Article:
One of the paramount leadership qualities of Hubert. H. Humphrey was his ability to foster long and lasting friendships. “The greatest gift of life is friendship, “ he
As curator of the Humphrey Program at the Walter Cronkite School for nearly a
During this decade I have been in awe at the seeming ease to which Humphrey Fellows speak articulately about serious global issues in their non-native language. They converse as scholars and experts in important fields. Asking insightful questions, they listen to learn. They follow the Steven Covey’s 5th principle of leadership to first seek to understand, then to be understood. Truly they have been blessed with the gift of tongues. Many of them speak multiple languages.
Watching their lives change, both professionally and personally, after spending 10 months in America is inspiring. Obstacles were overcome. New ideas were confronted. They learned first-hand the true meaning of the favorite quote by American documentary film make Ken Burns who said, “We are all looking for ideas large enough to be
Listening and watching Humphrey Fellows speak and learn and then share new knowledge in their adopted English language has taught me many principles about what I call the language of leadership. It isn’t just a “new tongue” but a way of life that they have chosen to follow after their Humphrey year. Here are just three principles articulated by key words to explain what I mean by the language of leadership they fellows are teaching me.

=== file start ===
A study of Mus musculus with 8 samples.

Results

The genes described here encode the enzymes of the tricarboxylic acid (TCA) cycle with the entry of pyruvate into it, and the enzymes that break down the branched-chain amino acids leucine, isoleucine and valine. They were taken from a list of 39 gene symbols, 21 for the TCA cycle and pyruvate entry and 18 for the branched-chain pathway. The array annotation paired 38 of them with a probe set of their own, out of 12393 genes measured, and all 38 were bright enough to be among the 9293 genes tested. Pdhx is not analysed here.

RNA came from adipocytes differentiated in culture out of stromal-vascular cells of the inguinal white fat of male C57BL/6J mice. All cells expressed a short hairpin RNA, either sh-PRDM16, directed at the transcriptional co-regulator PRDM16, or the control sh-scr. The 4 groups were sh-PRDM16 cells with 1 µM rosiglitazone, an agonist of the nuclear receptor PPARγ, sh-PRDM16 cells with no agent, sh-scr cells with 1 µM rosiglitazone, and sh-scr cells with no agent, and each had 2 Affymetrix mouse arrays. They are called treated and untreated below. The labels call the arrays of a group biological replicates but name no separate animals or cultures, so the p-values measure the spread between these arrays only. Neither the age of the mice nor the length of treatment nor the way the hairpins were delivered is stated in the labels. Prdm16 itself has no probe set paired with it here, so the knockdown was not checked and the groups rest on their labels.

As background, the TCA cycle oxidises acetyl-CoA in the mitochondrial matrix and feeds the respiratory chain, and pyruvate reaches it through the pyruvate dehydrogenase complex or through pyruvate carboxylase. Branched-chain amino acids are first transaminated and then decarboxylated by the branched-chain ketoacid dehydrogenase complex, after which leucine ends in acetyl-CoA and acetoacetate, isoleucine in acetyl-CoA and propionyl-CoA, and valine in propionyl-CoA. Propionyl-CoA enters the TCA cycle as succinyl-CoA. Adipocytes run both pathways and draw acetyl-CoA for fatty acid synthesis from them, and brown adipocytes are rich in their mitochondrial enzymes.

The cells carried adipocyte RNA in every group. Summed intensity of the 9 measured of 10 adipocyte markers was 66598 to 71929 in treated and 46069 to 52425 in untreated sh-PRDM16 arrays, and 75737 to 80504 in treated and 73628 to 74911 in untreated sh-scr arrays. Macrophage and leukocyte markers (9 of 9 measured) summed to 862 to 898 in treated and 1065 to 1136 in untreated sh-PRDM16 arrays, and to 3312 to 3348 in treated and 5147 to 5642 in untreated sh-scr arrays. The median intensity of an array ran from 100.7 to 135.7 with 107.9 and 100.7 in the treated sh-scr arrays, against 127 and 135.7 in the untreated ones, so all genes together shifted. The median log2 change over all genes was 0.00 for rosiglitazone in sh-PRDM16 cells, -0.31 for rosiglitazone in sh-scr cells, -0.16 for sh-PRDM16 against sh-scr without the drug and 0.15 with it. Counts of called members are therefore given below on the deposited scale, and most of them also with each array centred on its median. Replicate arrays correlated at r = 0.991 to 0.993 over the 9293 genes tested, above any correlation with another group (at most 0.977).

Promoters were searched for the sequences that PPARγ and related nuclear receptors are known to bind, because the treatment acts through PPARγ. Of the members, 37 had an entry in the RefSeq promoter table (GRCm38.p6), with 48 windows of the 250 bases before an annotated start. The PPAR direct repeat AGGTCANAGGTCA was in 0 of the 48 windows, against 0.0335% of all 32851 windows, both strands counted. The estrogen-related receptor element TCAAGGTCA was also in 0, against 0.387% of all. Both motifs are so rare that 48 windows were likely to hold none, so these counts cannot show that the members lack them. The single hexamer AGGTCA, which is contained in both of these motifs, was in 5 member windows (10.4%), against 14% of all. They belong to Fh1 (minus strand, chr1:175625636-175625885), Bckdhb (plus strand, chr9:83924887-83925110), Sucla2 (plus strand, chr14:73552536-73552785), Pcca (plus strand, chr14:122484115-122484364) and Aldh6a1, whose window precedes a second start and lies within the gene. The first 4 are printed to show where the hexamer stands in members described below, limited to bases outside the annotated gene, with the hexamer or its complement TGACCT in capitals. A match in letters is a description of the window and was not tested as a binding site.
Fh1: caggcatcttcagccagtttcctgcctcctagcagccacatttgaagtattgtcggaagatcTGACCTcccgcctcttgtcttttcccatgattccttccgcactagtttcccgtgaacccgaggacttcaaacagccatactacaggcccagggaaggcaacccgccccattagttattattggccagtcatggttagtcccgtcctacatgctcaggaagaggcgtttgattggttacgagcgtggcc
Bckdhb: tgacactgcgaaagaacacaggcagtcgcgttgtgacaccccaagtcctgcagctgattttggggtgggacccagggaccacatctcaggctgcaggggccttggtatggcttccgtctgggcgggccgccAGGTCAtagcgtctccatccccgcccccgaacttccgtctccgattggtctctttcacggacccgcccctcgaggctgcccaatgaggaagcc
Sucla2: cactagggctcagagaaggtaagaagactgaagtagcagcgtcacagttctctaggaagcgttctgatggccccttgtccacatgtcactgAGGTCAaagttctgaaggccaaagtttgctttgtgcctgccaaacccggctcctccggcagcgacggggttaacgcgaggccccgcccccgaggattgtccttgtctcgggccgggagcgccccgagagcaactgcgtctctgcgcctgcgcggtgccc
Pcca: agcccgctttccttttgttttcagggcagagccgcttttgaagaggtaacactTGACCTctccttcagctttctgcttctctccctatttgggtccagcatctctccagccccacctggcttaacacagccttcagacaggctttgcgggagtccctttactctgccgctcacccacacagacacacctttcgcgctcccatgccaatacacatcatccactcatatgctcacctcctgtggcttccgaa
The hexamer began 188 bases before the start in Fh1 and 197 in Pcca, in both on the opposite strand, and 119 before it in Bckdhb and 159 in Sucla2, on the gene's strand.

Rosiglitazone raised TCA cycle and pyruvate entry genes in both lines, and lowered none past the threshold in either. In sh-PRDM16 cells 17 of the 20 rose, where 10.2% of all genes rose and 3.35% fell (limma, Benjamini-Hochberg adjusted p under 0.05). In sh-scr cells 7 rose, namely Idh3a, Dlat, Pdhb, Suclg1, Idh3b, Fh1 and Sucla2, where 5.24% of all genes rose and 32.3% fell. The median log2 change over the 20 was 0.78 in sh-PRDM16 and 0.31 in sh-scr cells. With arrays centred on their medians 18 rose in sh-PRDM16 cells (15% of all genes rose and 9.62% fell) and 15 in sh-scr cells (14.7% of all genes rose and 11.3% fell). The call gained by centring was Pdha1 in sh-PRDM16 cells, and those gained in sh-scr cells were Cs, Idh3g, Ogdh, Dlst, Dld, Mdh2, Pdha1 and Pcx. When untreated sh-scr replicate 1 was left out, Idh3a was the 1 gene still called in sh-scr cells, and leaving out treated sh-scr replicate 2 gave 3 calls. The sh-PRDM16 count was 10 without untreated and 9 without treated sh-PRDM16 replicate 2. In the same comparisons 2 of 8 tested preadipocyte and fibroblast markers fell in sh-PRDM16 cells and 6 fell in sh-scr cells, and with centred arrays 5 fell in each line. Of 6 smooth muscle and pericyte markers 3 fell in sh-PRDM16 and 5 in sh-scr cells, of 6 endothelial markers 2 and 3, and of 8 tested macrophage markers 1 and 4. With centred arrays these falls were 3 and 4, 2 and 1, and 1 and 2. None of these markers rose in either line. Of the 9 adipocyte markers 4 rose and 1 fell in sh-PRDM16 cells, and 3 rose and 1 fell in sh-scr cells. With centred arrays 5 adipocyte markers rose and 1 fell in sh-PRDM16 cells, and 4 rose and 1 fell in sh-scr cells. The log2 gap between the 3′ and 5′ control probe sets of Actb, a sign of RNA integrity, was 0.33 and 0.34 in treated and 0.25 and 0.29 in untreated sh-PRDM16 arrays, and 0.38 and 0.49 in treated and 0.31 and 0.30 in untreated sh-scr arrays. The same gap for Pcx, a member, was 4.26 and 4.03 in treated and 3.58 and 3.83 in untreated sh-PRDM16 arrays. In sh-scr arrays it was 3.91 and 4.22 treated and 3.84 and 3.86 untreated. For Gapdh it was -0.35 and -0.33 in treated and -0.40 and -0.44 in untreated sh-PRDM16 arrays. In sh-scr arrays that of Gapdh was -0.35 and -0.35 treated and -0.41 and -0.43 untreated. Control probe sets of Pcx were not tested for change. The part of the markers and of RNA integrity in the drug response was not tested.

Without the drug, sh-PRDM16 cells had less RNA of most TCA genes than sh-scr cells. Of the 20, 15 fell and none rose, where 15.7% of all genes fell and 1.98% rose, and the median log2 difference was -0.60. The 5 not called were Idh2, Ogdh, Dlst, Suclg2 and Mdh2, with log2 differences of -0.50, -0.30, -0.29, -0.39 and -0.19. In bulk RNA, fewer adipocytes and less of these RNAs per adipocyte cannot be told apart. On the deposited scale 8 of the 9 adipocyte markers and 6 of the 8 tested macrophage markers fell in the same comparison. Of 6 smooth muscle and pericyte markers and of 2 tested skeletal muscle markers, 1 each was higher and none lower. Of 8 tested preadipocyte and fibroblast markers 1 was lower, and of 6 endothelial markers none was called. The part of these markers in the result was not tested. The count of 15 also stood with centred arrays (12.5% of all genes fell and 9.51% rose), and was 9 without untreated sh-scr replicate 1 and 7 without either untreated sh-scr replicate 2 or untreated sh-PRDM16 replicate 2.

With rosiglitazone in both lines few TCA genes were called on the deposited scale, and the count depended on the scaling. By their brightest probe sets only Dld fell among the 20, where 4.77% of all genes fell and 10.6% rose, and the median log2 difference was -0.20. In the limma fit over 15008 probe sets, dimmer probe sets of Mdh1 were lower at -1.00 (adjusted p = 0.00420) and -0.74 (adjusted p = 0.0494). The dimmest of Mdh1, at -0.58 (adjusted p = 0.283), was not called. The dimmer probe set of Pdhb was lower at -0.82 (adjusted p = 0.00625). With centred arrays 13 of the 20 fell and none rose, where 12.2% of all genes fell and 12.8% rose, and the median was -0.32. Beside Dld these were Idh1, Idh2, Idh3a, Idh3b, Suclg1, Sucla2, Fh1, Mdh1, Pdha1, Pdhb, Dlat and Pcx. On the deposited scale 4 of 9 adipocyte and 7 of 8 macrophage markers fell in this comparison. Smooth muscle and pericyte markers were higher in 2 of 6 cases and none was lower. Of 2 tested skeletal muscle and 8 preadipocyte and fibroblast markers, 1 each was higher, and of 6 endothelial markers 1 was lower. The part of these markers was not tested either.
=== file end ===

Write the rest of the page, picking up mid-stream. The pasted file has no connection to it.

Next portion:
Clear Communication is the beginning of understanding.
Service to others before self can enrich one’s happiness in life.
Inspiring hope in times of anger or angst allows loving kindness to heal individual heartache as well as global despair.
Communication, service and hope are just three of the many important words in the language of leadership. I have seen fellows not just from the Cronkite cohort but others during the Global Leadership forum or alumni events speak these same true terms from the way they live their lives. The lives of great leaders like Hubert H. Humphrey are not just memories but stand as living legacies, monuments to the power of the individual to create change for good.
My association with the Humphrey Fellowship program allows me to learn the language of leadership from the lives of so many fellows following in Humphrey’s footsteps.
I look forward during this 40th anniversary celebration in Zagreb to meeting a wider circle of Humphrey alumni.